Being Welcomed as a Stranger


ISAN CONFERENCE 27/28 November 2017 Milton Keynes

A circular artwork with the words: 'Language of meaning of language' in red on a white background

Language of meaning of language. Image © Aidan Moesby

When I go to a conference I go because I want to engage, be engaged with, learn, be challenged and maybe have a bit of fun. I applied and was successful in getting a ‘New Faces’ bursary for the National Outdoor Arts Conference (Independant Street Arts Network). Essentially this meant that I got to go to the conference at a reduced rate. I was also being supported to go by Shape Arts/Unlimited as part of my professional development.  This was after all my first year of working at festivals so i thought i may have lots to learn and it would be interesting to explore this new to me world.

A delayed flight meant I arrived at the first break. I was met by a wall of people and a tsunami of indecipherable white noise as I entered the venue. I immediately had to turn around and leave and stand outside to begin to acclimatise. I gradually eased myself in and found myself in the main auditorium listening to my first presentation.

Over the next two days i heard a lot of presentations and went to a number of break out sessions. However I left feeling unsatisfied, thinking that this world wasn’t for me.

The conference was well organised and well ran and there was a party on the monday night with music and food. Everyone else seemed to be enjoying themselves. But there was something lacking.

As a new face i thought that might have meant something. I thought i might have been welcomed, introduced to people, maybe have a key person, hosted. I think hosting is really important. Instead I was left to flounder alone, vaguely knowing one other person there. I couldn’t find a way in, there were lots of people who knew each other, who were catching up, planning, feeling all a bit exclusive. I couldn’t find a way in.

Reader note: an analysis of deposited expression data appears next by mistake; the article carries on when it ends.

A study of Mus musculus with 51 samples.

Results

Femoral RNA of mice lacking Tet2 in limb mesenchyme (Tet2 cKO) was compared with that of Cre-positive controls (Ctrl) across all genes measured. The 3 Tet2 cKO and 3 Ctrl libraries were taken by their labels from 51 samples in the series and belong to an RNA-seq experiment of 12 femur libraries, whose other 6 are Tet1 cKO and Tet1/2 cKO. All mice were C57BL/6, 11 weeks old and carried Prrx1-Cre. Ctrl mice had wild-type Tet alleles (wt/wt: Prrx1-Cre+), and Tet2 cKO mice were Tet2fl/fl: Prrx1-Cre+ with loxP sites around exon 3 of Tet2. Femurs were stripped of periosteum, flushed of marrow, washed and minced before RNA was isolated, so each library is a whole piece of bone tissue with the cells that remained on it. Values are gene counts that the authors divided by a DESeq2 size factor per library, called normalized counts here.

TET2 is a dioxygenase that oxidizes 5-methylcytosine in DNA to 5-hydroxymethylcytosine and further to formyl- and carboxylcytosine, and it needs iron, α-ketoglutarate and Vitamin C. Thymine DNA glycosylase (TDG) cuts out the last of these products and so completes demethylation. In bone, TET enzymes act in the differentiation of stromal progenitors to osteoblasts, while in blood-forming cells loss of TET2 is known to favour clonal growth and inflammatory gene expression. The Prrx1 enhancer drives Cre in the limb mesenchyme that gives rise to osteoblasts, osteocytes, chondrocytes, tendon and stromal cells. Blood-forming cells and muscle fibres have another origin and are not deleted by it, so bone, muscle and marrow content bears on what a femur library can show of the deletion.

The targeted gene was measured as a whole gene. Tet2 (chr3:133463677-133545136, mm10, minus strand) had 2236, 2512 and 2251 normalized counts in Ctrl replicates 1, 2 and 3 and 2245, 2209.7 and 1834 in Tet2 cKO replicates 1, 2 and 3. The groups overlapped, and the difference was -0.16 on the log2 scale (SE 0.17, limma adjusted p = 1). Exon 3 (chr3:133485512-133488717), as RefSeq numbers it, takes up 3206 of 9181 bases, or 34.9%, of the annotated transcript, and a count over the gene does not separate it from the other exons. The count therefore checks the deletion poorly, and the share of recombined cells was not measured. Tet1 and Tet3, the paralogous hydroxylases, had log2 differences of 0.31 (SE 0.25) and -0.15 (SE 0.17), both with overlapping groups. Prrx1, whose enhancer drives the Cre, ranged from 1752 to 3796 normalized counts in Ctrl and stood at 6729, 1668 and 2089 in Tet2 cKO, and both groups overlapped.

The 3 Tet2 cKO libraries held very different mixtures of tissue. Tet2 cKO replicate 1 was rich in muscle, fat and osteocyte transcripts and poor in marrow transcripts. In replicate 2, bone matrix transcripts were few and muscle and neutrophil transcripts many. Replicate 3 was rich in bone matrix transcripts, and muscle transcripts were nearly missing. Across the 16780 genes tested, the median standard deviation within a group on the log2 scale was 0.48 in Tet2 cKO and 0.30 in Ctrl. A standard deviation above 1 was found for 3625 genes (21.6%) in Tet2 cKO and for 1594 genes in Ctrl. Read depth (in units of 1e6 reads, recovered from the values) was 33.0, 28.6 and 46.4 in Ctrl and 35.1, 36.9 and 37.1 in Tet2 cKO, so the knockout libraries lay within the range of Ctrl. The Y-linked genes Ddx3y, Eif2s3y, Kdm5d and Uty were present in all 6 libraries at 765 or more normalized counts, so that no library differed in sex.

I left feeling like i had not really learnt anything either. All the presentations were about how successful the projects were and how fun it was and how the people engaged. It all seemed like a bit of a smugfest. Where was the inciteful critical discourse? I learn by reflecting on what went well and what didn’t, what could have been done better, how could it have been improved? It also left me wondering about the parachuting in and parachuting out method of working, the contribution this middle-class approach makes towards gentrification, the real difference it makes over a long term and what happens to the people when the circus leaves town. The position of the visual arts in outdoor arts similarly seemed to be unaddressed, which would confirm my experience of being a visual artist at festivals during the summer of ’17. A real hierarchy of art form. Another ‘new face’ said they felt like the weird kid in the playground who no-one wanted to play with.

I guess i have been spoilt really by my involvement with Unlimited and the disability arts world. To me that seems like really genuinely inclusive, that hosting feels important. It is the first time i have been to a conference in a long time and not seen any ‘access’. This makes me wonder how diverse ISAN really is if they can manage a conference with no audio description, palintypists or sign language interpreters.

I realise that my experience will be the minority. The conference was smoothly run. Everyone else seemed to be getting something out of it. Perhaps it just isn’t my world.